Scary Abundance, and its Pursuit

GOld ToiletOn Saturday night, spur of the moment, my husband, my daughter, and I went to see Sorry to Bother You, which starts out looking like an urban maybe-failure-to-launch comedy and then becomes, not just sort of Science Fictional, but profoundly weird. I recommend it. But I did walk out of the theatre feeling like “What wasthat?”

And then last night we went to see Generation Wealth, a documentary about… well, not so much about wealth, but about acquisition of wealth, about what drives us as a society to valorize possessions–and often the most vulgar sort of possessions.

Generation Wealth is a series of interwoven narratives about, among others, a former hedge-fund manager who is still on the FBI Most Wanted list for financial malfeasance; a porn star; a plastic surgery addict; a female business exec; a one-hit wonder; the son of a rockstar; and the documentarian herself, Lauren Greenfield. Some of it is funny, some of it is deeply horrifying. It ends… not on a hopeful note, exactly, but on a note that suggests that hope is not entirely out of the question.

The thing that seems clear, watching all these people, is that each of them has a space they’re trying to fill. The hedge-fund guy, for example, is very upfront about his determination–his need–to be the one who wins, where winning is having the most money. He tells a story about sitting with his wife somewhere in the Mediterranean, looking out at yachts in the harbor, and pointing. “That one, that one, or that one. Which do you want?” And his wife telling him “What I want is for you to put your phone away and have a nice dinner with me.” Ow. Apparently it took him years to getwhat she was saying.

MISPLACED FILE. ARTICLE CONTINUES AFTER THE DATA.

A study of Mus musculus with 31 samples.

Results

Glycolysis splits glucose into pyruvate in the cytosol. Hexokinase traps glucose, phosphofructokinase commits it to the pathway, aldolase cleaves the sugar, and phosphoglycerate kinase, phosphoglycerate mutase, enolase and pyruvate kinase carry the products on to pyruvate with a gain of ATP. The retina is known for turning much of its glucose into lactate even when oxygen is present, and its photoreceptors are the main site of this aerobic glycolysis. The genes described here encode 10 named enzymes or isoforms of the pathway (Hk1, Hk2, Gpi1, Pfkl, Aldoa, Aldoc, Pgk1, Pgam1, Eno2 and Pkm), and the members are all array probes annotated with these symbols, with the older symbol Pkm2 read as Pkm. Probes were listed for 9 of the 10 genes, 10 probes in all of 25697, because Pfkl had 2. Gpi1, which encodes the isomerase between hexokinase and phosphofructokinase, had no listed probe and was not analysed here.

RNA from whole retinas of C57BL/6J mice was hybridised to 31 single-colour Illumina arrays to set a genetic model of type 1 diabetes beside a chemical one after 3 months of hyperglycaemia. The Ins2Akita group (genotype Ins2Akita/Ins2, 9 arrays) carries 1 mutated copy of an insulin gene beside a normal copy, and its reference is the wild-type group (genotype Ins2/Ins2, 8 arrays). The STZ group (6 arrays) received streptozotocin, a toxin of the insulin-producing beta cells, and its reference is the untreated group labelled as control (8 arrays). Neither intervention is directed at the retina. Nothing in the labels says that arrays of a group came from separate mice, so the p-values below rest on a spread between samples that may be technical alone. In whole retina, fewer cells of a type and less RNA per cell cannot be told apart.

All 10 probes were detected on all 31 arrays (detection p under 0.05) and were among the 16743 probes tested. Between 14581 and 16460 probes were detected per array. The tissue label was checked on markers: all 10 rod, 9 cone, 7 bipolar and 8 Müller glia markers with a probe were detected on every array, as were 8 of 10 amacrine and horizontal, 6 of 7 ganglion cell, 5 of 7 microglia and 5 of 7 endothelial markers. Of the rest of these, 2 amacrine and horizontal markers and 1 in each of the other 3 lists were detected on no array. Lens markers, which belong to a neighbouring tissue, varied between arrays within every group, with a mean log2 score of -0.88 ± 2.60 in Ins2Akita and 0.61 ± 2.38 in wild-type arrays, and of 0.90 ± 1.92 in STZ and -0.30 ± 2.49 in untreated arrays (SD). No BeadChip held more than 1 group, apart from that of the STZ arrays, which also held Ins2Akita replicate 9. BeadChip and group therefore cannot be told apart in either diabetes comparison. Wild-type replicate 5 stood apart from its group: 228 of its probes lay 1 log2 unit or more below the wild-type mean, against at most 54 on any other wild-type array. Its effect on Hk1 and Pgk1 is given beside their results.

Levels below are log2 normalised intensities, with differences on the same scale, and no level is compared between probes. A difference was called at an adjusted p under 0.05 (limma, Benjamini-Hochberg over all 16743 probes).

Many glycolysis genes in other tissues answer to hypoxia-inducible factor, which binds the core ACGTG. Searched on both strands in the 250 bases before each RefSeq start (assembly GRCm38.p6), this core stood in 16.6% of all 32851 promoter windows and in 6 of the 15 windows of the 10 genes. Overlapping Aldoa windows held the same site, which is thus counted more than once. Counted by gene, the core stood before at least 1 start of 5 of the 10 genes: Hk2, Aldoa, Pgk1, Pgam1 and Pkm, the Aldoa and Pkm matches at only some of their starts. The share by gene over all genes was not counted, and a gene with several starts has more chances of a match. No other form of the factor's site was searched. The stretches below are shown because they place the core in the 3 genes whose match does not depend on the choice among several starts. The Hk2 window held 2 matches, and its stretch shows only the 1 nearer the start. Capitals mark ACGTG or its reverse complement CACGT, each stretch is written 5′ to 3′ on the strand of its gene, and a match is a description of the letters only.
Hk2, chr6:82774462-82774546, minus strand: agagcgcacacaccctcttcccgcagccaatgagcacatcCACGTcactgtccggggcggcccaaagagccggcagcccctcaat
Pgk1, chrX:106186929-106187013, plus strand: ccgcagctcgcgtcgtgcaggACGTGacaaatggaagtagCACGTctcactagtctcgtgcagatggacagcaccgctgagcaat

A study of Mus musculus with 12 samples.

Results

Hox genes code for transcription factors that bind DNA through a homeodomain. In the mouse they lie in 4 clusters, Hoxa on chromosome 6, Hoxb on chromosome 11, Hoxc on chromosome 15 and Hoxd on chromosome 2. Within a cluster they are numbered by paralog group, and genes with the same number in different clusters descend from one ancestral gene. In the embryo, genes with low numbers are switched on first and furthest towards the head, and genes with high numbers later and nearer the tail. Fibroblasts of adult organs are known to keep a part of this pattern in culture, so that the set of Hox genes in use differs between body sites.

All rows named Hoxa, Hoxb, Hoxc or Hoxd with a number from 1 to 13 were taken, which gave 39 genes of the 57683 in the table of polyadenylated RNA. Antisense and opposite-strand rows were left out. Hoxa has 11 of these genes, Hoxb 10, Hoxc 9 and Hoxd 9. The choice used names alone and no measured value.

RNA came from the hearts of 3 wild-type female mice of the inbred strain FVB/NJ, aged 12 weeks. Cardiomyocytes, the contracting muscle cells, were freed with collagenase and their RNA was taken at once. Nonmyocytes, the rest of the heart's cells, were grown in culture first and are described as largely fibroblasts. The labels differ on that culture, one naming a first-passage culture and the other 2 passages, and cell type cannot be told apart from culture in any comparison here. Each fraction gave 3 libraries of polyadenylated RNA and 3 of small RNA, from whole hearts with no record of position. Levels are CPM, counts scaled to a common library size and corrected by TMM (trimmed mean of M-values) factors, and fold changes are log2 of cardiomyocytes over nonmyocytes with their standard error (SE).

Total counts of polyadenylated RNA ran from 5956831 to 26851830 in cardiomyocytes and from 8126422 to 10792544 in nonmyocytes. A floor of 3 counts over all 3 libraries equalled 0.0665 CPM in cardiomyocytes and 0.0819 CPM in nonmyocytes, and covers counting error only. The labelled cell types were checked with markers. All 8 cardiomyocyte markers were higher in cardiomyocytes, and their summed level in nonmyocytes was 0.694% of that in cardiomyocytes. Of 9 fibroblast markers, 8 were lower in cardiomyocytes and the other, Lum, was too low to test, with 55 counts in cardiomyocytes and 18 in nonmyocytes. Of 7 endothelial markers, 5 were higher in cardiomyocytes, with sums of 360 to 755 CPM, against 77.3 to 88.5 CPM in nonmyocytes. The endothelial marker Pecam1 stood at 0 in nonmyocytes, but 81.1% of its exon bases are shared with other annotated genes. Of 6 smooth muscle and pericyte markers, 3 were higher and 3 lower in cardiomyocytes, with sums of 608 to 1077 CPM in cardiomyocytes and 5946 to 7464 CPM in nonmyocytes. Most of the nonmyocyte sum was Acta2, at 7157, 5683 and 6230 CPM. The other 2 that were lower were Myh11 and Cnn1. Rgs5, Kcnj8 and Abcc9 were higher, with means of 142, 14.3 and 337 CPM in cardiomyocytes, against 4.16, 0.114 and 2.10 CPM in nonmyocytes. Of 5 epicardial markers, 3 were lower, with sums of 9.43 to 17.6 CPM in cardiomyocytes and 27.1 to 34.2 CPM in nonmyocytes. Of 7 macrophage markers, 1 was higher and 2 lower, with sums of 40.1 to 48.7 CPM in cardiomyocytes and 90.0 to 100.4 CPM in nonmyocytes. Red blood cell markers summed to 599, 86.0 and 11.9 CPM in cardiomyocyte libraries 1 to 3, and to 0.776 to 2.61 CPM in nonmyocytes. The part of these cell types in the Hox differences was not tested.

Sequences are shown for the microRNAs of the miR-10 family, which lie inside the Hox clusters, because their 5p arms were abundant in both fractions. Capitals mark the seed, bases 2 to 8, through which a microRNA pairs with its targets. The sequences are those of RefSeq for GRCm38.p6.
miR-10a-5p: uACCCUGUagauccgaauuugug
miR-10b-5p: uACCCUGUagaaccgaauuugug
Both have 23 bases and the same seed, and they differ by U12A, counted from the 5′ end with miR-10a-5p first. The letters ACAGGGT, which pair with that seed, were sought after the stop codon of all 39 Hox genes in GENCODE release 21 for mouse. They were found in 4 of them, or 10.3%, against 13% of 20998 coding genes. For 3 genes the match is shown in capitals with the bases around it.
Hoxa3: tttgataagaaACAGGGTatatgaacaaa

Or the woman who went into debt to go to Brazil to get a tummy tuck… which turned into new breasts and a perky butt and a new nose and a neck lift. By the time she got back to the US, she was so deeply in debt that she could not afford to keep her kids with her. As near as I can tell, she may still be paying for it–and there was a deep human cost to her as well.

All of these things had me leaving the theatre wondering what I stuff into spaces in my life. What do I valorize? What do I feel I could never have enough of? Money is nice, but it’s there to make things go more smoothly; stacking up piles of 100s would not, I suspect, make me feel more secure. I would love to be beautiful, and have always felt that it was something of a moral failing that I wasn’t–but it didn’t bother me enough to go for plastic surgery or a rigorous exercise routine or even forgoing a good chocolate truffle. The things I would stuff into the interstices of my life are probably more intangible: I always wanted to be really smart, and really witty, and really accomplished: those were the values that my family venerated. I suppose that, to me, there is no upward limit to how smart or how clever or accomplished I’d like to be–but I’m sure there would be a human cost there, too. It is probably easier to save up and buy a gold toilet.

Wallis Simpson famously said “You can never been too rich or too thin.” I think the ultimate message of Generation Wealthis that Simpson was wrong. The question is, will our society figure this out before we do ourselves and the planet in?